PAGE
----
St Valentine’s Day

9781108001298fc3dThe estimable John Brand informs us that ‘It is a ceremony, says Bourne, never omitted among the vulgar, to draw lots, which they term Valentines, on the eve before Valentine Day. The names of a select number of one sex are, by an equal number of the other, put into some vessel; and after that, every one draws a names, which for the present is called their Valentine, and is look’d upon as a good omen of their being man and wife afterwards.’

The Bourne in question is Henry Bourne (1694–1733), curate in Newcastle-upon-Tyne, whose Antiquitates vulgares forms the core of John Brand’s Observations on Popular Antiquities, later revised by Henry Ellis: this version was reissued in the Cambridge Library Collection. (Similarly, Joseph Ames (1687–1759) originally wrote Typographical Antiquities, which was considerably augmented by William Herbert (1718–95), and then ‘greatly enlarged, with copious notes, and illustrated with appropriate engravings’ by our old friend Thomas Frognall Dibdin (1776–1847).)

St Valentine’s Day gives Bourne/Brand/Ellis much matter to consider. The ‘rural tradition, that on this day every bird chuses its mate’, with its mentions by Chaucer and Shakespeare, is duly noted. The Pastons mention choosing Valentines, and various poetical effusions suggest that you could try divination by casting a name into the fire (which sounds like Hallowe’en activity), though as Brand points out: ‘I have searched the legend of St Valentine, but think there is no occurrence in his life that could have given rise to this ceremony.’ (He adds to this a wonderfully dismissive footnote, about love, charity, and gallantry which I don’t have room to quote.)

On the subject of divination, you could try fastening a bay leaf to each corner of your pillow, and one in the middle; then boil an egg, take out the yolk, fill the space with salt, eat (including the shell) and await developments. In Kent, girls used to capture from the boys and set fire to an effigy called the Holly-Boy; and vice versa with an Ivy-Girl: it’s not quite clear why, but sounds fun.

Again according to Brand, St Valentine was a presbyter martyred under the Emperor Claudius (i.e. early in the first century CE), unless of course the Claudius in question was Claudius Gothicus of the third century; and there seem in fact to be three different Valentines, all martyrs … Moreover, there is apparently a skull of St Valentine in the church of Sta Maria in Cosmedin in Rome, but only since it was removed from a catacomb in 1836: it’s not clear (again) how they decided that this (as opposed to any other skull) was Valentine (or which one).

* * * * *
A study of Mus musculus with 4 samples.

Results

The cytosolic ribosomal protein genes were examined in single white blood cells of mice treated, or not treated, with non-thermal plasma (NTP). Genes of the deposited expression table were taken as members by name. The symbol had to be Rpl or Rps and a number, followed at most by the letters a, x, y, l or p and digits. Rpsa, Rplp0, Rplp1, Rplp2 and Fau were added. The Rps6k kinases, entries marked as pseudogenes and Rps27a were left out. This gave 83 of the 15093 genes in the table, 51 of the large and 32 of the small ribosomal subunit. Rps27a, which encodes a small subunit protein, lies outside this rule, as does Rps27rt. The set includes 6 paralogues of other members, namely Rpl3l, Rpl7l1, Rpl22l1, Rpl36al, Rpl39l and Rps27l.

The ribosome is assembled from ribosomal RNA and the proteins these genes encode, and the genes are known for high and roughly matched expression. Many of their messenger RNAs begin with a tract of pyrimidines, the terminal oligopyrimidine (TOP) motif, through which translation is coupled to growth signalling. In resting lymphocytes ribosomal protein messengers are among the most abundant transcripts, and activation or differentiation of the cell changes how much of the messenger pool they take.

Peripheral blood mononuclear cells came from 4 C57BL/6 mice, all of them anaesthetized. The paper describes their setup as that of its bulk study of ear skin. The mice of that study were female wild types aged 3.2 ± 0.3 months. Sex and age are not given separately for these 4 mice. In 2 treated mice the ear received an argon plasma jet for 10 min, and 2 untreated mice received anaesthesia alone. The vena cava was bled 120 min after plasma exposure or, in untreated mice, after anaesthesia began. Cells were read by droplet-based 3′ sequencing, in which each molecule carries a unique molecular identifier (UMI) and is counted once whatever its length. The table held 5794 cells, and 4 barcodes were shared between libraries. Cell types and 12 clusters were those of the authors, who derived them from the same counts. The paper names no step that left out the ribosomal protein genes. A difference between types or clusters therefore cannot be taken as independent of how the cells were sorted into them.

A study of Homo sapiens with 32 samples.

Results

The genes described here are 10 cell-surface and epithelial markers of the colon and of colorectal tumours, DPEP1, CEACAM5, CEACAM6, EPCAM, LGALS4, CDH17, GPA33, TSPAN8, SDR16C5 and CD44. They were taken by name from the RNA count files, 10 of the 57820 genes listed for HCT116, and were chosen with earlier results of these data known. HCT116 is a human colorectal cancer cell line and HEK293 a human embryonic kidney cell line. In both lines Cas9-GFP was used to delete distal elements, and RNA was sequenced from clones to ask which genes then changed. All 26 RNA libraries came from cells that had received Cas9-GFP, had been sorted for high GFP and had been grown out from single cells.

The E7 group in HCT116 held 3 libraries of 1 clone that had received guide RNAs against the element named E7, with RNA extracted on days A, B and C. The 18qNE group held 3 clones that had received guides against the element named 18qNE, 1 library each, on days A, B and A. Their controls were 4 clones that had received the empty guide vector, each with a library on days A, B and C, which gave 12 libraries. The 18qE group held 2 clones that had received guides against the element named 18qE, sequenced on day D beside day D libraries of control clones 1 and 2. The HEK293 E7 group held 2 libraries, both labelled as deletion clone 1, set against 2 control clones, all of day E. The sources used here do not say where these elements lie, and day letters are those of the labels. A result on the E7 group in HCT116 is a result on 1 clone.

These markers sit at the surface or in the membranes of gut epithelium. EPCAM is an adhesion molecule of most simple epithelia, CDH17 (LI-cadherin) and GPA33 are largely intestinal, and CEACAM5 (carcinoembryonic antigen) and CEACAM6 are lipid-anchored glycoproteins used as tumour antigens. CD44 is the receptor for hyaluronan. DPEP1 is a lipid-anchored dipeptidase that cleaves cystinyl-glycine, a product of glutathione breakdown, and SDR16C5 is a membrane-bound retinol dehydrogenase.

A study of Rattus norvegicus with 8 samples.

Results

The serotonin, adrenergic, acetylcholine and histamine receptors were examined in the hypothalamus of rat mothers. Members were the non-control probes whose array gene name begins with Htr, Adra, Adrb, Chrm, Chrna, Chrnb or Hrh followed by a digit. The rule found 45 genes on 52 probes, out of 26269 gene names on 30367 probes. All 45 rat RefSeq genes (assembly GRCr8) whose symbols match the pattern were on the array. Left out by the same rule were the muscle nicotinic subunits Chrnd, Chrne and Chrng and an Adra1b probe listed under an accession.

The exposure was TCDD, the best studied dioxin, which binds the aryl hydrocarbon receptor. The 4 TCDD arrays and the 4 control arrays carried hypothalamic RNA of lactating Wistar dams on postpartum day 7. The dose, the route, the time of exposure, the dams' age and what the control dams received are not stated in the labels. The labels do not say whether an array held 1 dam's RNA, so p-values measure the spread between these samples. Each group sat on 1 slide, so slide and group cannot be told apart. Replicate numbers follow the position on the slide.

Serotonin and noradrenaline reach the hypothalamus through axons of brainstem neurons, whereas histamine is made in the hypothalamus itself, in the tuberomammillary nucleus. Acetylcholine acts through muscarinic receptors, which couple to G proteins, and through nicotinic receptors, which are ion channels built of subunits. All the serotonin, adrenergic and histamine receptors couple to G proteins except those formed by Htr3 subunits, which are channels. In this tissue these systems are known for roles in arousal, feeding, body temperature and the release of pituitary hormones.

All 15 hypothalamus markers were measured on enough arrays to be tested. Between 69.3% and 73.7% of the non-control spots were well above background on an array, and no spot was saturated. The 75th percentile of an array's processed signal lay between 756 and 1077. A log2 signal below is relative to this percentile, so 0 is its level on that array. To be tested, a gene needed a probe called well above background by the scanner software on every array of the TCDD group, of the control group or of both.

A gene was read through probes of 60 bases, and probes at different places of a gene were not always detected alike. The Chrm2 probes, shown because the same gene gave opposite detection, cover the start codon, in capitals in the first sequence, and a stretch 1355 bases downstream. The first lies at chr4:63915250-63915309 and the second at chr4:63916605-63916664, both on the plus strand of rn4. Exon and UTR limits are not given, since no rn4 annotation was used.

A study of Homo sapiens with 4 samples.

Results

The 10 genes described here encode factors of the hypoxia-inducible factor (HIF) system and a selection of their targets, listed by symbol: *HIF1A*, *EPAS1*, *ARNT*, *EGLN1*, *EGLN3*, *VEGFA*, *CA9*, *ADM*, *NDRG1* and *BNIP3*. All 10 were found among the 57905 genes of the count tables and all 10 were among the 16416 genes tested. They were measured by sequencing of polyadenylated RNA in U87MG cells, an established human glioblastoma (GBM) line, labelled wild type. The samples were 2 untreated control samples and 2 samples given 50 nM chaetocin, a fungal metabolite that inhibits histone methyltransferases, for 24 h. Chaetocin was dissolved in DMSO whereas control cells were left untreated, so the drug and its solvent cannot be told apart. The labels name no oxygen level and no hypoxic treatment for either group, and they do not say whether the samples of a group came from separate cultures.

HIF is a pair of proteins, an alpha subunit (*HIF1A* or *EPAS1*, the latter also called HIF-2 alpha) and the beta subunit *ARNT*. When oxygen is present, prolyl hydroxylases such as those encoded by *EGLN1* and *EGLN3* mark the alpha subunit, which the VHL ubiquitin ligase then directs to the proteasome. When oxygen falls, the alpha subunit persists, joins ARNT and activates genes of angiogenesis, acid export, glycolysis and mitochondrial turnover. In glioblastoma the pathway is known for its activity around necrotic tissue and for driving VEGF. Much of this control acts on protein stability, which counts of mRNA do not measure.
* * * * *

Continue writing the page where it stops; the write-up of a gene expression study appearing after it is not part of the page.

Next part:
The alleged skull of St Valentine

The alleged skull of St Valentine

But if you want to avoid the flowers-and-chocs routine (and by the way, gents, a single red rose is regarded as an insult these days), may we recommend a few appropriate titles (though arousal of passion is not necessarily guaranteed!):

Anonymous: The Love-Life of Dr Kane: Containing the Correspondence, and a History of the Acquaintance, Engagement, and Secret Marriage between Elisha K. Kane and Margaret Fox









Darwin, The Descent of Man and Selection in Relation to Sex (2 Volume Set)

Grosart, ed. Robert Chester’s ‘Love’s Martyr; Or, Rosalins Complaint’: With Its Supplement, ‘Diverse Poeticall Essaies on the Turtle and Phoenix’








Lawrence, Sons and Lovers

Shakespeare, Double Falshood; or, The Distrest Lovers









Simcox, Episodes in the Lives of Men, Women, and Lovers

or the never-to-be-forgotten Sweet Silvery Sayings of Shakespeare on the Softer Sex, containing dozens of appropriately romantic quotations?



This entry was posted in Archaeology, English Men of Letters, Fiction and poetry, Literary Studies, Religious Studies and tagged , . Bookmark the permalink.